More frequent testing and continuation of mitigation measures such as masking would better help to protect the more vulnerable among us such as Colin Powell, a study concludes.
The United States today mourns the passing of one of the country’s most famous veterans, former Secretary of State Colin Powell. Powell, a four-star general whose long list of accomplishments embellish a storied career, died yesterday of complications from COVID-19. The 84-year-old Powell had been fully vaccinated against SARS-CoV-2, but was also fighting underlying health conditions, including multiple myeloma and Parkinson’s disease. Powell’s death at Walter Reed National Medical Center in Bethesda, Maryland, resulted from a breakthrough infection.
Coincidentally, an article in the American Journal of Infection Control (AJIC) published last week looks at veterans in an attempt to refine methods of determining level of vulnerability to
breakthrough infections. Investigators with the Veterans Affairs Ann Arbor Healthcare System (VAAAHS) conducted an observational case series report on 10 veterans admitted to the facility with breakthrough infections between March 15, 2021, and April 15, 2021, because they wanted to add to the limited data on breakthrough infections.
“Given the variability of vaccine breakthrough infections requiring hospitalization, serologic testing may impart clarity on timing of infection and disease prognosis,” the study concludes. “Individuals at risk of diminished response to vaccines and severe COVID-19 may also benefit from selective serologic testing after vaccination to guide risk mitigation strategies in a post-pandemic environment.”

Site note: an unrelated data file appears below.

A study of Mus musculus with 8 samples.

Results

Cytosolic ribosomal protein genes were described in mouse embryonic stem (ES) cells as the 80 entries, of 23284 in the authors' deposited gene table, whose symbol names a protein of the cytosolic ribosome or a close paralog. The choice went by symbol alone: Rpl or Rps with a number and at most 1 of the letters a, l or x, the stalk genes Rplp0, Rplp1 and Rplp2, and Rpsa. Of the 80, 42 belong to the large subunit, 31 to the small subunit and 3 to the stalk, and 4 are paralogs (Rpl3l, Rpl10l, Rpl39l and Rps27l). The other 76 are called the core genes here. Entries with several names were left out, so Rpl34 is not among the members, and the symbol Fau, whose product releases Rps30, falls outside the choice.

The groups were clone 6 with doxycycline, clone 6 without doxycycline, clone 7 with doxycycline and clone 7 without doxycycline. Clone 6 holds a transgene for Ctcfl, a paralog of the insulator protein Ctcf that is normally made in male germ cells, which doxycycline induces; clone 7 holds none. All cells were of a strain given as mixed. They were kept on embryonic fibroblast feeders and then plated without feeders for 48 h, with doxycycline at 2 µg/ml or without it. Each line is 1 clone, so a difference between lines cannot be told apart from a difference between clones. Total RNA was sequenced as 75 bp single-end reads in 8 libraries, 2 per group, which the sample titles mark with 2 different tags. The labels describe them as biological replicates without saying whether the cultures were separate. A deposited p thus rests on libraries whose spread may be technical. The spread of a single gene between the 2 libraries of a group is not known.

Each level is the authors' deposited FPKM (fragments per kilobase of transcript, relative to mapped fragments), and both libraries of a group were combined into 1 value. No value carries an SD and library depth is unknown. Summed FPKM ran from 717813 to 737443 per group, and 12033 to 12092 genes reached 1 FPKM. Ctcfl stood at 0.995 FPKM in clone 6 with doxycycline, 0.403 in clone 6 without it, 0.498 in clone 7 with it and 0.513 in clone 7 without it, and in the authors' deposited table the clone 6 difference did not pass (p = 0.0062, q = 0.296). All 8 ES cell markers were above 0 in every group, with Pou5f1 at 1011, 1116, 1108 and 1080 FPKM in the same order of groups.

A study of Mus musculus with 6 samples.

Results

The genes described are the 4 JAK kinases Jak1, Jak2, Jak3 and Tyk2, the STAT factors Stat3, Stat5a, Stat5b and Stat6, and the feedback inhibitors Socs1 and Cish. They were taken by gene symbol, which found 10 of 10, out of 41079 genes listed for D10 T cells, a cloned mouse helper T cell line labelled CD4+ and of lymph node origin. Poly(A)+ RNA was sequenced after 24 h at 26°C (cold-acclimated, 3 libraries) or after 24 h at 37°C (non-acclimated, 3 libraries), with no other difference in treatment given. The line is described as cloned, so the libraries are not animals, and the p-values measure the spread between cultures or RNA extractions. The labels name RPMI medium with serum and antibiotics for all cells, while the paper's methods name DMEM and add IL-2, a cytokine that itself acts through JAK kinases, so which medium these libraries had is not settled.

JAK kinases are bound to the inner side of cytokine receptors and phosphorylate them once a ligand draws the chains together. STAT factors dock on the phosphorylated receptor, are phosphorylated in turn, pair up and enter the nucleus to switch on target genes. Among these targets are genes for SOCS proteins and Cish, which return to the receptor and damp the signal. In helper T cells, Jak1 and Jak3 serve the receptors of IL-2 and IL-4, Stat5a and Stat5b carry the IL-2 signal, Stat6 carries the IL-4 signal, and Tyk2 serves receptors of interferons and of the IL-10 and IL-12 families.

All 10 of the veterans were older than 70 and, like Powell, suffered from multiple comorbidities. The mean time between when the veterans had gotten their second dose of the COVID-19 vaccine and the breakthrough infection was 49 days.
“In the seven individuals with acute infection, none had observed serologic response to mRNA vaccination, five developed severe disease, and one died,” the study states. “Three individuals had anti-N IgG antibodies and a high polymerase chain reaction cycle threshold (Ct) value, suggesting resolving/resolved infection.”
As the Hill and other news outlets report, Powell—who’d gotten his second shot of the Pfizer-BioNTech vaccine in February—had been scheduled to receive a booster shot this week, but was too sick to get it.
Investigators with the AJIC study note that the Food and Drug Administration currently says that routine antibody testing to determine immunity after someone’s been vaccinated for COVID-19 isn’t necessary.
“However,” the AJIC study states, “without a better understanding of vaccine response, many high-risk individuals could be at even greater risk as mitigation measures are relaxed (e.g., mandatory masking) for the fully vaccinated. For high-risk individuals, the selective use of antibody testing for anti-S IgM and IgG may be useful to identify those that would benefit from enhanced precautions to SARS-CoV-2 exposure.”
VAAAHS vaccinated over 25,000 veterans between December 30, 2020, and April 1, 2021.
“Our experience with Michigan veteran patients demonstrates that despite higher-than-average vaccination rates within this population, surging case counts within the community will lead to an increase in breakthrough infections and hospitalizations,” the AJIC article states. “As the Delta strain and other highly virulent strains become more prevalent, this report reinforces the need to not only rapidly vaccinate entire communities, but also practice other risk mitigation strategies if local COVID-19 case volumes are high.”